Philosophy Born of Struggle XXI 2014 Annual Meeting
Forging Concepts through Struggle: The New Slave—Racism, Empire, and Sexual Violence.
31 October – 1 November 2014
Paine College, Augusta, Georgia.
Call for Papers
Submission Deadline: 1 August 2014
Submission Guidelines: Email a Microsoft Word document including the title, abstract, institutional affiliation, rank or occupation, and email address to: firstname.lastname@example.org
Over the last decade, the worsening plight of Blacks in the United States has raised fundamental questions about reconciling democracy with poverty, freedom with statism and government surveillance, and the idea of racial progress with the routinized deaths/murders of Black men, women and children. These realities have led some to ask a deeper question: Did slavery ever really end, or do Blacks around the world still effectively live in chains?
The thought of Blacks as NEW SLAVES has led recent scholars to reformulate questions of race, class, and gender into more complex notions of empire, neo-liberalism, and sexual violence. This reformulation has drawn on and reshaped resources from a variety of sources. Africana philosophy, Latin American philosophy, (post) structuralism/ (post) colonialism, psychoanalysis, and anti-colonial thought have loomed large, as have the works of literary, visual, and performing artists.
The 2014 meeting of Philosophy Born of Struggle takes up these questions and resources. Hosted this year at Paine College in Augusta, Georgia, Philosophy Born of Struggle asks for papers and panels looking to explore the complex obstacles towards freedom, or more accurately stated, how the conditions, values, and institutions PBOS have made synonymous to “being free,” have in fact concealed and consolidated the long afterlife of slavery.
Research questions include: How has our present arrangements of knowledge (disciplinarity) prevented us from seeing the reality oppression before us? What kind of philosophical practices have been or need to be erected to deal with the specificity of historical sexual violence (e.g. sexual violence of men, women, and children under enslavement)? Are there resources in racial contract theory to remedy the contemporary tendencies for advanced postindustrial societies to oppress Blacks in unforeseen and unanticipated ways? In what ways can ideal political theory contribute to the liberation of Blacks in our current political and social environment, especially given its historical association and complacency with empire? What is the theoretical and political utility of maroonage under this new system of slavery? How might Angela Davis’ approach of abolition democracy, first explored by Frederick Douglass and W.E.B. DuBois, help remedy present day oppression faced by many Blacks, especially the Black underclass and incarcerated Blacks, in the United States and throughout the world? How do the theories of Caribbean theorists like CLR James, Frantz Fanon, Éduoard Glissant, Sylvia Wynter, and others play in shifting/expanding our concepts of resistance and revolt? What does the work and lives of Steve Biko, Nelson Mandela, Amiri Baraka, and Sonya Sanchez teach us about violence, poetry, and love under oppression? How has Hip-Hop and other Black aesthetics responded to this New SLAVE?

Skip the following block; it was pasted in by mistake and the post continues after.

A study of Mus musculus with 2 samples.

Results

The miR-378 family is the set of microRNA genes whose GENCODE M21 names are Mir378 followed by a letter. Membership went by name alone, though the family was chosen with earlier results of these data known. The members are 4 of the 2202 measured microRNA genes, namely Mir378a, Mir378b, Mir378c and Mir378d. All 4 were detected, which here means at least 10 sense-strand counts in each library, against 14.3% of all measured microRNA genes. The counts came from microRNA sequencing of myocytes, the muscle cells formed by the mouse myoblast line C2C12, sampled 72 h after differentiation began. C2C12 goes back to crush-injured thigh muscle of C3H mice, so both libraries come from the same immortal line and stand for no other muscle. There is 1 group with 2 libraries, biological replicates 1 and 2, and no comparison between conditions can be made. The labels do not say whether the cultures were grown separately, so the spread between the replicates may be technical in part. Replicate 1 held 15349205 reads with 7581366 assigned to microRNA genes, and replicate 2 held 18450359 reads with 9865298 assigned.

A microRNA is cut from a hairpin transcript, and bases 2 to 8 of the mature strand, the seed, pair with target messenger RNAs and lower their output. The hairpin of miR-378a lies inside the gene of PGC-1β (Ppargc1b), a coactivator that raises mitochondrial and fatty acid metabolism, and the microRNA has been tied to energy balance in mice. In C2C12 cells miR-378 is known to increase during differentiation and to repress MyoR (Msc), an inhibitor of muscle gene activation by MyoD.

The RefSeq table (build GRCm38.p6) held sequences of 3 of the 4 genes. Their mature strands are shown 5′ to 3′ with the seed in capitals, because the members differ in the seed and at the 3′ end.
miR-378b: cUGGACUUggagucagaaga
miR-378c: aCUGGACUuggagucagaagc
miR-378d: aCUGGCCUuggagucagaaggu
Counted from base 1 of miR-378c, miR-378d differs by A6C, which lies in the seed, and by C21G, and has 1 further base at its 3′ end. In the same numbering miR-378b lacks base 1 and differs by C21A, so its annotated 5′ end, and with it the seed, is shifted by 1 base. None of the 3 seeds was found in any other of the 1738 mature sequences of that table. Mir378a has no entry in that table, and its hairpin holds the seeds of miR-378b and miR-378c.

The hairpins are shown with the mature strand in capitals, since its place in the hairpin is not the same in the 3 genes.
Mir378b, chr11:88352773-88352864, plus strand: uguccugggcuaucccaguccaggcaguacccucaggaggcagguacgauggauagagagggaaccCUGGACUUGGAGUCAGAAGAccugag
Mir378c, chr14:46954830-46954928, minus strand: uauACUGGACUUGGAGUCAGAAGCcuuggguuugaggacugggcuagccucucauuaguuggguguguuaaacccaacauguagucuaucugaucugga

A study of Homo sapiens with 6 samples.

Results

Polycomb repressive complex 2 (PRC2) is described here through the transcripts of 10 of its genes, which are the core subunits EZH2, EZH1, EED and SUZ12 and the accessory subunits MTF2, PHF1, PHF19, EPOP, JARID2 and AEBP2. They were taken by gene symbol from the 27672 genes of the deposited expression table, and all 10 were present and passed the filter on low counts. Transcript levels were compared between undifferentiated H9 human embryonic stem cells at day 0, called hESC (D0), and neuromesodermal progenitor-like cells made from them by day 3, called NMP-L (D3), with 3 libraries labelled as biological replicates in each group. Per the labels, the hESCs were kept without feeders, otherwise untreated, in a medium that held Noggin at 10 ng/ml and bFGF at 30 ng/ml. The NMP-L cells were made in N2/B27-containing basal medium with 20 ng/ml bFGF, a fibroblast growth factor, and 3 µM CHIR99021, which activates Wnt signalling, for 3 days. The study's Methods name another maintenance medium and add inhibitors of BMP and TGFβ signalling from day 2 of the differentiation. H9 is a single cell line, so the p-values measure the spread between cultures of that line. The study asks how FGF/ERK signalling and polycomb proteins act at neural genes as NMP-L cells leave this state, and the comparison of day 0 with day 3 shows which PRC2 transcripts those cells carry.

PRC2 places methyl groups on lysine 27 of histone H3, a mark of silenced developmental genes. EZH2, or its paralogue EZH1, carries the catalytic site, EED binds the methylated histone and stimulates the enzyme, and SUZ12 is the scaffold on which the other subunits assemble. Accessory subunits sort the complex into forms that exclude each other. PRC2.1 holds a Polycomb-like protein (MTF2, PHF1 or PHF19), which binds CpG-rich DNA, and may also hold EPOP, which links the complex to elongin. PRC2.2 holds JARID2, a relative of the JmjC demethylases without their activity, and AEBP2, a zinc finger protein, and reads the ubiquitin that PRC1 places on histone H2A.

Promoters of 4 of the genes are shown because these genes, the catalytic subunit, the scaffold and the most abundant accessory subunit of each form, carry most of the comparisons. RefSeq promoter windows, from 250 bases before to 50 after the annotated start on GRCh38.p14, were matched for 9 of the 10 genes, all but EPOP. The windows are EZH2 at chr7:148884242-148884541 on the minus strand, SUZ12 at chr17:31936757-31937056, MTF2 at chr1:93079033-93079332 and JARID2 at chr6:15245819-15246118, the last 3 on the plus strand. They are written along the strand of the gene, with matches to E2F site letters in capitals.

PBOS is an interdisciplinary and open philosophical community. PBOS welcome interlocutors from all traditions, including but not limited to Afrocentrism, womanism, feminism, queer theory, Marxism, Pan-Africanism, pragmatism, and existentialism. PBOS also welcome participants regardless of discipline and without regard for tenure status or professional affiliation. For more information visit the website: http://pbos.com/
Message adapted from CFP announcement.